It’s not just about the Big Five

It’s not just about the Big Five

BY: Nico Brits

This blog was written by Nico, one of our trainers. Here, Nico shares his experiences with guests, and why it’s important that field guides point out finer details in the bush.

It can feel like a lot of pressure, having to deliver on all of your guest’s expectations as a field guide. More often than not, when guests are asked what they would like to see, they’ll say “the Big Five”. This can be a big ask, since they aren’t all located at one spot in the reserve!

 

Bushwise students learning to become great field guides.

This image was taken pre-COVID-19. 

 

As guides, we do everything in our power to deliver on guests’ expectations. We can get so focused on finding the Big Five that we drive past a lot of the smaller things that make it possible for these sought-after animals to survive. 

We are very quick to race out of the lodge in the mornings, on our first game drives for the day, to see if we can tick all the boxes for a perfect guided experience as quickly as possible. And yes, for guests that visit Africa for the first time, seeing the Big Five on a morning drive is great, but the experience is so much more incredible when guides take the time to show guests how everything is connected.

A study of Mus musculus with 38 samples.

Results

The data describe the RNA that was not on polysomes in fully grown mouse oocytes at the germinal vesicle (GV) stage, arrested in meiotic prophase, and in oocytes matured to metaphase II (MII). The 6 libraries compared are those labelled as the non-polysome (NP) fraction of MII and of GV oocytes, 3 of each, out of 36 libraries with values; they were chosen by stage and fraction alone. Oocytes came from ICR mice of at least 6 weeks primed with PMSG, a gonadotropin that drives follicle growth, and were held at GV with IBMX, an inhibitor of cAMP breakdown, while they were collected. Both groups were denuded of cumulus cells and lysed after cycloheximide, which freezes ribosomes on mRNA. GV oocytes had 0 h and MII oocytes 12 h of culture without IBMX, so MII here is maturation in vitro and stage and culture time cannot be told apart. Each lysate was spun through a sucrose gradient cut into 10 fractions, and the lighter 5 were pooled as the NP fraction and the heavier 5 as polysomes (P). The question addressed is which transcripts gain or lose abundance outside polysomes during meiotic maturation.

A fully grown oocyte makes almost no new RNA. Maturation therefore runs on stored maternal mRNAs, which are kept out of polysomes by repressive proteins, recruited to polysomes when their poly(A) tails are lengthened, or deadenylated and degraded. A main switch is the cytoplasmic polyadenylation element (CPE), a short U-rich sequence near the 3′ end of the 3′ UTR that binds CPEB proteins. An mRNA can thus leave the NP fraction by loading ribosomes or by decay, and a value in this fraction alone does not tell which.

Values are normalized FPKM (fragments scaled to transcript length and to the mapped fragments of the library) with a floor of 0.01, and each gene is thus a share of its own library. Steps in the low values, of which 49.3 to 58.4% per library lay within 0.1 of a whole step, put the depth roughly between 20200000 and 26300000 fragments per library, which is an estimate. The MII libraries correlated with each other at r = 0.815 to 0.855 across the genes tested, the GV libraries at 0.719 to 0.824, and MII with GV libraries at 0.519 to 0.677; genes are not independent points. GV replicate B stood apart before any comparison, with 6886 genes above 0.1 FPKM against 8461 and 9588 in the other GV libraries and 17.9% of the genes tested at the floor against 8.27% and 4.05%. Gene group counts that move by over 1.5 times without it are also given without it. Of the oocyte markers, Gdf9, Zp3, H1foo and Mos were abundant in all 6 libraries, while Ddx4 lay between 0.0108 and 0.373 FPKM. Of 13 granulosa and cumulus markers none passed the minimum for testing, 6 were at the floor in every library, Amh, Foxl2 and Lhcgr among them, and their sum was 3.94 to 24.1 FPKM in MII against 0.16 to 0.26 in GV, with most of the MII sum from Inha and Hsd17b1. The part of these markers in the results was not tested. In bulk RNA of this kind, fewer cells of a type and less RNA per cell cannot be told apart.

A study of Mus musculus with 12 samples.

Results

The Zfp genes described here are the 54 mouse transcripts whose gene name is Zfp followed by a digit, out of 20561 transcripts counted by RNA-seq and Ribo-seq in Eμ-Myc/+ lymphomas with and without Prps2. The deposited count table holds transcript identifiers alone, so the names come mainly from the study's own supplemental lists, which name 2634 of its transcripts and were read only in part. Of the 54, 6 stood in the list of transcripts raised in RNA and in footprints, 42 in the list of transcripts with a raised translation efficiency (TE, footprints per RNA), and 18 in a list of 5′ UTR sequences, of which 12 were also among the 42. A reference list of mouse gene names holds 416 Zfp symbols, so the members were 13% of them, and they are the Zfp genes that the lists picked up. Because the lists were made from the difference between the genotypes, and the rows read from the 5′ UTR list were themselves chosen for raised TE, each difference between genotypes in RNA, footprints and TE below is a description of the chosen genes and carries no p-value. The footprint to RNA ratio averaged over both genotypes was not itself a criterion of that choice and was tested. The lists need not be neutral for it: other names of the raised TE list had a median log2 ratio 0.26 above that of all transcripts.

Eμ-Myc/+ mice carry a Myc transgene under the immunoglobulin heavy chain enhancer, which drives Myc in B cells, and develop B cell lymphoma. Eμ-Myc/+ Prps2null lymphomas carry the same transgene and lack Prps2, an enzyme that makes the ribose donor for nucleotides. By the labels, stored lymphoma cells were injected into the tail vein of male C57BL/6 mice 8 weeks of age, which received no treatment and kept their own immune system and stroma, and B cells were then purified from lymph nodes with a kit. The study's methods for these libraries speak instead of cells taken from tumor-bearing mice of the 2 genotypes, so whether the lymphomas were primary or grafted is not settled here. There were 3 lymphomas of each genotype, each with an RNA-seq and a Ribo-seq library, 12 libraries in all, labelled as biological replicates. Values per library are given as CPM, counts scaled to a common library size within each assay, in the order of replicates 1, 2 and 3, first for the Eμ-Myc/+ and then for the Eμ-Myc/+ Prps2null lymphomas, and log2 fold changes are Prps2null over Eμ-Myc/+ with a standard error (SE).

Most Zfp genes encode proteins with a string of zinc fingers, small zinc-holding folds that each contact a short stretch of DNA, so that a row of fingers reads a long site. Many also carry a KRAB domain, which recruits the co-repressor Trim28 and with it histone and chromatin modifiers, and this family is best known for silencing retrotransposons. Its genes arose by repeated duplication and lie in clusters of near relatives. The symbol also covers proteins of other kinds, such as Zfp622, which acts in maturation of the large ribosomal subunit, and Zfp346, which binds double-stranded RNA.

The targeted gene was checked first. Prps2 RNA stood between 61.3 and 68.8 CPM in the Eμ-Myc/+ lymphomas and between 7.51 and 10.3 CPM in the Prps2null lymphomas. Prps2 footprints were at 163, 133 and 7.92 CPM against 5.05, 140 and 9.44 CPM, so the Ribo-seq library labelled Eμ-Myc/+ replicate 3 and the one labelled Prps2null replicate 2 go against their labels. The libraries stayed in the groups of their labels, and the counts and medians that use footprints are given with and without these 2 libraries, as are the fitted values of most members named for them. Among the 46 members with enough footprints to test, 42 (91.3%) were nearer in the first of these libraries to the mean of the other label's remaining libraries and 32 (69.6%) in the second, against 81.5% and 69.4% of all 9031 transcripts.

As a field guide, you can create an unforgettable experience for your guests.

Photo by: Ben Klunder

 

Creating an unforgettable experience is what we should be trying to achieve. Watching two vervet monkeys playing in a tree can be more memorable than two lions sleeping in the shade. 

That’s why, a good tip for any guide when leading a tour, is to spend some time driving around, pointing out details that might be easy for your guests to overlook. 

For example, mention elephant-feeding signs, or trees that have been pushed over by elephants. Then, when you eventually see the incredible giants during your tour, they could be feeding on the same species of tree that you pointed out. This goes a long way to enhance your guests’ experience.

 

An elephant eating leaves from a tree.

Photo by: Ben Klunder

 

As guides and guests alike, we can get lost in the hype of the Big Five and miss other amazing interactions taking place around us. 

But when you slow things down, you start to appreciate the finer details. Something as small as termites fixing their mound, after it was broken up by an aardvark, can create a memorable moment. 

Ready to become a field guide? Head to the Bushwise website to see what our courses have to offer.